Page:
Are Pets Worth It?

Are Pets Worth it?
Author, Bob McMillan
What’s the deal with dogs?
They’re those shaggy things that loiter around the house, right? They collect fleas.
They shed. You have to watch where you step in the yard with a dog around. They
loll around on your furniture and eat your running shoes. They drool.


Do them a favor and take them for a walk and, unless you’ve spent countless hours
training them, they’ll wrap you around a lightpole or drag you through the
boxwoods chasing cats or squirrels. They knock you down when you come home or
jingle the car keys. They suffer mysterious hearing losses when you say,
“Down,” but whisper the word “food” in the next room and bam, they’re
right at your feet, grinning.

You bath them, groom them, pony up for vet bills and food and treats. If you have
more than one, you become a pro at breaking up spats. Face it, having a dog
means countless hours of work, sweat and money.


Is it really worth all this?

The owners of more than 74 million dogs in America say yes.

That’s because they’re not a burden — they’re our friends. Of all the animals, dogs
understand us best, and we have a pretty good idea what’s going on inside their
furry skulls, too. We relate. It’s a relationship that’s enriched us both for
at least 15,000 years.

The archaeological record is clear. As soon as man settled into farming villages
(and likely for thousands of years before) canines were by his side. Through
history they’ve hunted and retrieved for us, they’ve herded our livestock,
they’ve guarded our wickiups, huts and homes. They’ve gone to war with us.

They’ve been such a part of our culture that Hollywood
made them stars: Lassie, Rin Tin Tin, 101 Dalmatians. The comedian W.C. fields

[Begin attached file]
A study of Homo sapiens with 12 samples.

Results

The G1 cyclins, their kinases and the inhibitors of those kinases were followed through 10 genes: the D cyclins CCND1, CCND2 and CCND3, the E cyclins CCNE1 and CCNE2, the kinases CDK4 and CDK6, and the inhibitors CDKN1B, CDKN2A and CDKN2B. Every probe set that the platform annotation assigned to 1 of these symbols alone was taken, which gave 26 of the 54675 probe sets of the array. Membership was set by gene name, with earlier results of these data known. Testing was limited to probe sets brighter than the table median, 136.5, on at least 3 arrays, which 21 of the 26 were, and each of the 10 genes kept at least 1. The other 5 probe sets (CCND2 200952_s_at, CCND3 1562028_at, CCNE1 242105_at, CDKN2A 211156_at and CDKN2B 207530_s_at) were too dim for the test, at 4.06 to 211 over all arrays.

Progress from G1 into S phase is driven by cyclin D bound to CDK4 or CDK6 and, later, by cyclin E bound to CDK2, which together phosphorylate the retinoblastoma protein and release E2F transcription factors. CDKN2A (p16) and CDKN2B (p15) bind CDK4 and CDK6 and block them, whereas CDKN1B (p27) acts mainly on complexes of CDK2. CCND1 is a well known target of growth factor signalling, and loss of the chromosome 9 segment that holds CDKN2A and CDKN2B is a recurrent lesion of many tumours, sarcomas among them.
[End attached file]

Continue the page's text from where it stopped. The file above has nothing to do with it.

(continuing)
refused to work with kids or dogs because they stole his scenes.

Fast-foward to 2009. Our lives are hectic, our neighborhoods are crowded, it’s a different world and a different time than when Timmy and Lassie roamed the old family farm. Dog bites and raids on dog-fights and puppy mills are in the news, along
with animal shelters struggling to stay open because of a tide of cast-off
strays.

Now, we still love our dogs and they still work for us. The sniff out drugs and
bombs, they find the lost. Just petting a dog is therapeutic, health
researchers say, and they’re used in hospitals and nursing homes. Some can
sniff out cancer cells.

But today, most of us have dogs not because of the work they do, but because our
lives feel more complete with a shaggy smile in it. Many of us pamper our furry
pals. Americans spent $38 billion last year on their pets, and only about 40%
of that on food. There’s also pet beds, grooming aids, rain coats, car seats
and an array of bones, toys and treats.

We’re pretty smitten, huh. It’s been a good run so far.

But life with dogs in 2009 is increasingly complicated, even in once-rural Putnam County. More of us are wanting to do more with our dogs with less time and less space.
The more we learn about these fascinating creatures, the more we realize what
they’re capable of — and that dog ownership is a major responsibility.

We now know that dogs are social animals. Leaving them tied to a post in the yard
all their lives or stuck in a pen makes them prisoners, not companions. They
thrive on being close to us. And we thrive too.

We know we have to socialize our furry friends, safely expose them to all kinds of
people and surprises so they’ll behave when they go with us. We have to train
them, teach them the rules. And we want to do it in a way so we’re both still
friends.

Keeping them up to date on their shots isn’t enough. With the country overrun with strays, spaying and neutering is becoming the norm. With pet food poisonings in the
recent headlines, we’re becoming more careful what we feed them and many of us
are learning to be animal nutrionists as well as the Hurler of The Frisbee.

The more we learn about dogs, the more fascinating Man’s Best Friend becomes.

Bob McMillan is an editor and columnist with the
Cookeville Herald-Citizen newspaper and lives on a mountain with several giant hounds and wary cats.
This column was originally printed in the Herald-Citizen
in Cookeville, Tennessee.
Please visit http://www.herald-citizen.com/ for more information on the
newspaper. We thank the Herald-Citizen
staff for allowing FFBF to re-print this piece.